I'm not sure why I received this advance reader edition - I don't remember requesting it. While my offspring resulted with the assistance of a certified nurse-midwife, I'm not so enamored of childbirth that I'd really want to read about it.
Fortunately, this book is more about life in rural West Virginia in 1934-35, in the midst of the Great Depression and the Civilian Conservation Corps (CCC). Widowed nurse Becky Myers, the main character, has come back to the (fictional) town of Liberty along with her former boss, Dr. Isaac Blum, who is in some sort of catatonic state after the death of his wife in an auto accident.
Through a set of misfortunes, she winds up in the former home of midwife Patience Murphy, now married to the local veterinarian with one child and another on the way. Becky gets pulled into delivering babies, particularly as Patience's own pregnancy issues make it impossible for her to do so.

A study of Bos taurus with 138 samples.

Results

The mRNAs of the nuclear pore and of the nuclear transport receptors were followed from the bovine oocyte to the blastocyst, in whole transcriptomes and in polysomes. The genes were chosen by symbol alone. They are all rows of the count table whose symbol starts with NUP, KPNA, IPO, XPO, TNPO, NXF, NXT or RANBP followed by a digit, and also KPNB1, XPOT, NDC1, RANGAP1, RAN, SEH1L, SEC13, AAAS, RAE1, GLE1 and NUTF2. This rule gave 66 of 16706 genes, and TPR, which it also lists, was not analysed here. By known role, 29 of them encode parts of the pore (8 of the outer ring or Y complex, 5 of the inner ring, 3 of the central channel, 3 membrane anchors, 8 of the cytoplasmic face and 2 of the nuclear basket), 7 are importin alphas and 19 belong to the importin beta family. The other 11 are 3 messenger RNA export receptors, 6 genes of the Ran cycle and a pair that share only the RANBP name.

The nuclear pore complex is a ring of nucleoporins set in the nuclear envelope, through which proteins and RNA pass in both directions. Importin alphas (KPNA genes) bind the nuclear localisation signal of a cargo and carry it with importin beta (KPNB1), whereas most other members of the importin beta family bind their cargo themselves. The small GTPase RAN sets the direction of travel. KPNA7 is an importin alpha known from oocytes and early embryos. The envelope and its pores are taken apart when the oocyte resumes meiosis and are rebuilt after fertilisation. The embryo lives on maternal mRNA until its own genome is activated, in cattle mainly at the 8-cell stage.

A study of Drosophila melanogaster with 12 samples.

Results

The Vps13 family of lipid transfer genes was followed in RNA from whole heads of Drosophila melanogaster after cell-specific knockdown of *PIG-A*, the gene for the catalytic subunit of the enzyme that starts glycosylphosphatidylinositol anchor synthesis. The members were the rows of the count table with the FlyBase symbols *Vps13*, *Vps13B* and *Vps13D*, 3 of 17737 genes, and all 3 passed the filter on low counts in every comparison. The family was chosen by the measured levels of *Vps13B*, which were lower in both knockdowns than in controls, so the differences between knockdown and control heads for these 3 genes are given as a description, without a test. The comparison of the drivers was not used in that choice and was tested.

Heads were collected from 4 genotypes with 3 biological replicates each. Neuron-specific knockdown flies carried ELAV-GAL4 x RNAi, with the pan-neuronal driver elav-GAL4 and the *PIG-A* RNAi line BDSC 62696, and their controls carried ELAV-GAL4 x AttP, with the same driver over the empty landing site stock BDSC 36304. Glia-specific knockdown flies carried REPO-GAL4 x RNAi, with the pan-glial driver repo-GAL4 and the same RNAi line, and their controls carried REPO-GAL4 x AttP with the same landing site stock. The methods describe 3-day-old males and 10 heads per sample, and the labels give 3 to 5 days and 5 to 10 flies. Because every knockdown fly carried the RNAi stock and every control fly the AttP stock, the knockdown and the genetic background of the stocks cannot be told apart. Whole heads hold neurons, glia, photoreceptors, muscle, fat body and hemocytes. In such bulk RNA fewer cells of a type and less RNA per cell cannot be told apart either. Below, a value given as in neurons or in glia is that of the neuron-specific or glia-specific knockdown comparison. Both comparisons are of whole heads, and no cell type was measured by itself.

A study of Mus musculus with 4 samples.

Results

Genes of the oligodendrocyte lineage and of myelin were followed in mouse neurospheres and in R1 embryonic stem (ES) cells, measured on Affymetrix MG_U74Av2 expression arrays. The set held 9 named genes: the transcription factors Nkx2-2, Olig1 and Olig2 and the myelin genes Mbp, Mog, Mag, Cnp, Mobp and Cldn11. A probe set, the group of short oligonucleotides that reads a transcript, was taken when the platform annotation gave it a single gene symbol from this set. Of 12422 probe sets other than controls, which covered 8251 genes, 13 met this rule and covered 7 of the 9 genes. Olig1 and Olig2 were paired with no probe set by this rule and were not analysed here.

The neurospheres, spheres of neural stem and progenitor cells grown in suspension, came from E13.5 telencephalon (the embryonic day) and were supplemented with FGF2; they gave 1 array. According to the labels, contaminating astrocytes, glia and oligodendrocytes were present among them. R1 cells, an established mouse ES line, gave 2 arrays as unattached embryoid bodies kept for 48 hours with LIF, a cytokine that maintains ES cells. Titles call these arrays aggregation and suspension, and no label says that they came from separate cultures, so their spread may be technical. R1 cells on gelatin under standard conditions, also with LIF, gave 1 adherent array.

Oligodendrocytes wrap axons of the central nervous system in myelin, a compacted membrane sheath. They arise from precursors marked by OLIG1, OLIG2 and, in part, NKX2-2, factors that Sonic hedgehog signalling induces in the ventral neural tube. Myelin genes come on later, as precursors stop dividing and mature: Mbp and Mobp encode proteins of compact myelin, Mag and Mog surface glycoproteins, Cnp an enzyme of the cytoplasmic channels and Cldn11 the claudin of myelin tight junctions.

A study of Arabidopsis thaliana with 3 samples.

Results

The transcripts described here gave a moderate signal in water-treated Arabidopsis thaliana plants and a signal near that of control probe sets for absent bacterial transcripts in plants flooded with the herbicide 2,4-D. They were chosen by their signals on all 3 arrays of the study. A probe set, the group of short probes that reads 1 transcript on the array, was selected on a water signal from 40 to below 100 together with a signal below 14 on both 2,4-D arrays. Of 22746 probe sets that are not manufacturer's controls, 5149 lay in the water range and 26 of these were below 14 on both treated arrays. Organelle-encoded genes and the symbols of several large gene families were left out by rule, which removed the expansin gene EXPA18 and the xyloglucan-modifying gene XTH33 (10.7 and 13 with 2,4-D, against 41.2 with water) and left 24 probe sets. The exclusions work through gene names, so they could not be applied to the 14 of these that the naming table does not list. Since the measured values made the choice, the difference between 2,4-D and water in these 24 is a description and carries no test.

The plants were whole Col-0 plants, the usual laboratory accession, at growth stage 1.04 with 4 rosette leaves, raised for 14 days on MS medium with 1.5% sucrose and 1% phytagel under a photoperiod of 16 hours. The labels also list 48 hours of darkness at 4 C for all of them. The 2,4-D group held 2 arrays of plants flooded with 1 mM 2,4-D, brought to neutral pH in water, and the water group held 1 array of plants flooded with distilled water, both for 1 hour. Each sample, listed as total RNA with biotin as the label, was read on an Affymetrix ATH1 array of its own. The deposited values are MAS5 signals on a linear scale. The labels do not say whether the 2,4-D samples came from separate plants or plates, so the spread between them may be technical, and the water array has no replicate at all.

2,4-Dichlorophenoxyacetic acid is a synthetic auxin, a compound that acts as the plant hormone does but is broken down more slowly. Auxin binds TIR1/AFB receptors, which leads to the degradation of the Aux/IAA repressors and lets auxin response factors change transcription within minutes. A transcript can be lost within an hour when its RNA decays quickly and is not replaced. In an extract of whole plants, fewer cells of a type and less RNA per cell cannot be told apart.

Becky also gets hired as a part-time nurse for a CCC camp. That, for me, was the most interesting part of the story. I got a little tired of the stories about deliveries - I'm not really interested in reading those sorts of details. I also found the situation with Dr. Blum to be rather unrealistic and (in some scenes) uncomfortable.
The author, Patricia Harman, is a midwife and has an interesting background. The book is easy to read, divided into five parts by season of the year, with short chapters and even shorter subchapters within each. Enjoyed the historical aspects of the book; not so much the characters or the childbirth.
© Amanda Pape - 2014
[This advance reader edition will be passed on to someone else to enjoy.]